If you needed another reason to play with your dog, playtime can also help cement some training exercises in your dog’s mind by helping them generalize a behavior into real world situations.

Fetch

Yes fetch is a popular game.  You can toss a ball or your dog’s favorite toy and have him bring it back to you.  This game is much easier to teach your dog if they know the come command.  Also, if your dog doesn’t want to give back the toy to throw again, try trading it for a treat until they get the hang of it and know that you will give it back.

Tug

This is a controversial game.  Some think that playing tug will increase the aggressiveness of a dog.  I disagree as long as you follow one rule, if the dog’s mouth touches your skin, all play ends immediately and you wait a few minutes for them to calm before playing again.  You can play tug with any kind of toy.  A rope toy is easiest because it has knots for you to grip.  You don’t need to win every time, however, winning is ok.  You can even use this game to reinforce that your dog should give you things when you ask for them.  Just trade the toy for a treat and tell them to give, then begin playing again.

Rough Housing

Yes, I know it’s popular to allow your children (or in my case your husband) to wrestle with your dog.  This is one game that I don’t recommend.  It can get out of control too easily, especially with a child, and can encourage mouthing with your dog.  If your child won’t listen to you about NOT playing this game, the earlier rules apply.  If your dog’s mouth touches skin or clothing all playtime stops.  Except for teaching your dog that mouthing is unacceptable there is no training benefit that I can think of for this game.  Do NOT play this game with smaller dog breeds.  They can get injured too easily and you must stop your children from rough housing with a small dog.  If your dog, no matter the size, shows any signs of fear, do not play this game with him.  You don’t want him to feel real fear and associate it with the person playing with them.  It could cause your dog to be overly fearful.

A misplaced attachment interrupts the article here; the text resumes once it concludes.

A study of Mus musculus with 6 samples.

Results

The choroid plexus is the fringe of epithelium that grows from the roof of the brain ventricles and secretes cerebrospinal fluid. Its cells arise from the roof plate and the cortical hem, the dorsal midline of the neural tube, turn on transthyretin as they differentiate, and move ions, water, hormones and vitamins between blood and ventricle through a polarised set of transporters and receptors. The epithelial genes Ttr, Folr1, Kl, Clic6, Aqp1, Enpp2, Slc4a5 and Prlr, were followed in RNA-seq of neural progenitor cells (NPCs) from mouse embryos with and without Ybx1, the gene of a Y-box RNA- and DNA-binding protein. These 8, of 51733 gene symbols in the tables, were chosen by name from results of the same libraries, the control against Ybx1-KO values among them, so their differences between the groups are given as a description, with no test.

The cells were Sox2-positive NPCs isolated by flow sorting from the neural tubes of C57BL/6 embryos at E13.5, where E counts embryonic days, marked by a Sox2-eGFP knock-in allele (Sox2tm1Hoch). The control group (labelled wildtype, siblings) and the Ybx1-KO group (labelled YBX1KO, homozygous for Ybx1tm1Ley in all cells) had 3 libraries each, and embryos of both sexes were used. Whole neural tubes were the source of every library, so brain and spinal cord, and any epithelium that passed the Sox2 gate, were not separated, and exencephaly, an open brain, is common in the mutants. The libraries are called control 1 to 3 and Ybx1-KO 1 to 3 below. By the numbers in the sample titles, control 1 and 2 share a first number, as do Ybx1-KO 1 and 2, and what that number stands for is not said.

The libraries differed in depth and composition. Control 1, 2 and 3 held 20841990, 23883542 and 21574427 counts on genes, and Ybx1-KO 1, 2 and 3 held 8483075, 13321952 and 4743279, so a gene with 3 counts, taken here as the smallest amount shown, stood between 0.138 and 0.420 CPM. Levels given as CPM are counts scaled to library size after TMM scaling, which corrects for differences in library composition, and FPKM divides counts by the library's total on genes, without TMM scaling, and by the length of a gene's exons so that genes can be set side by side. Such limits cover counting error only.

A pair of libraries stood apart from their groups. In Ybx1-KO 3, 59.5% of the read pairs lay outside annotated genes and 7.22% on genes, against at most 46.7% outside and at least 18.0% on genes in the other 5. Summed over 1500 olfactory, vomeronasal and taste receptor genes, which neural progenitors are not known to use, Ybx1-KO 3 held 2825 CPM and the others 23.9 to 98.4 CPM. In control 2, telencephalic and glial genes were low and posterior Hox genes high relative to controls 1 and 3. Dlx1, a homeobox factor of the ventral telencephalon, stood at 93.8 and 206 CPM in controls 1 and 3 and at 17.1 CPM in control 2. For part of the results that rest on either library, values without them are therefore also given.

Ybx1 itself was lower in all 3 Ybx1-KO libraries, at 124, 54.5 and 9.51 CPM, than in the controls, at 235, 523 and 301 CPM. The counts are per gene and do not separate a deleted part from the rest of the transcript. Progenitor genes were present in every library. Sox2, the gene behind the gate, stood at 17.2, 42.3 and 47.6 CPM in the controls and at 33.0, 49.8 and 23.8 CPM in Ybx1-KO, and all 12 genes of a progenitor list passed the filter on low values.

Dress Up

Yes, I know that some of you can’t resist the urge to dress your dog in cute clothing, costumes, etc.  Believe it or not, there is a benefit to playing dress up with your dog.  It gets them used to being handled.  Although I don’t do this with my dogs, except for putting my service dog’s vest on, there is a benefit to playing dress up, just be gentle so your dog doesn’t have any reason to associate being dressed to being uncomfortable or in pain.

Interactive toys

There are several toys on the market that can be used to have your dog work for food.  These are wonderful inventions and I urge you to use them.  Check out the Kong brand, the everlasting treat ball, the everlasting fun ball, the busy buddy twist and treat toy, the Premier Busy Buddy Puppy Waggle Treat Dog Toy, and there are several others.  These toys are made primarily for your dog to play with on their own.  They are good for keeping your dog entertained while you do other things.  Most are also good for having your dog work for their food, especially the waggle treat dog toy and the everlasting fun ball.  Some can be used to play other games like fetch, but when they are full, it can be a bit difficult to get them back.

Frisbee

Frisbee is very similar to fetch except that it can go farther than a ball or other similar toy.  I’d recommend using this one only if you have a breed that really likes to run fast and enough fenced in property that you have enough room to play.

Simple Petting

Almost every dog that I know responds well to petting.  You want to pet in the direction of hair growth, otherwise it could make your dog uncomfortable.  Belly rubs are popular and help your dog get used to exposing their underside with you.  This is a sign of submission, but don’t force it if you’re dog doesn’t like it.  I’ll go ahead and repeat, DO NOT force your dog onto his back to expose his belly.

Hide and Seek

Once your dog has learned the come command, Hide and Seek is an excellent game for you or your children to play with your dog.  Grab some treats and go hide in another room and call your dog to come to you.  Hide around the corner to start with and make it progressively more difficult.

Training

Whenever possible turn training into a game.  Have your dog sit before you toss or roll a ball for your dog.  Have them look before petting, etc.  Be creative.  Having your dog work for playtime is completely fine and adds a little practice into your fun and games.

Can you think of any other fun games we have missed?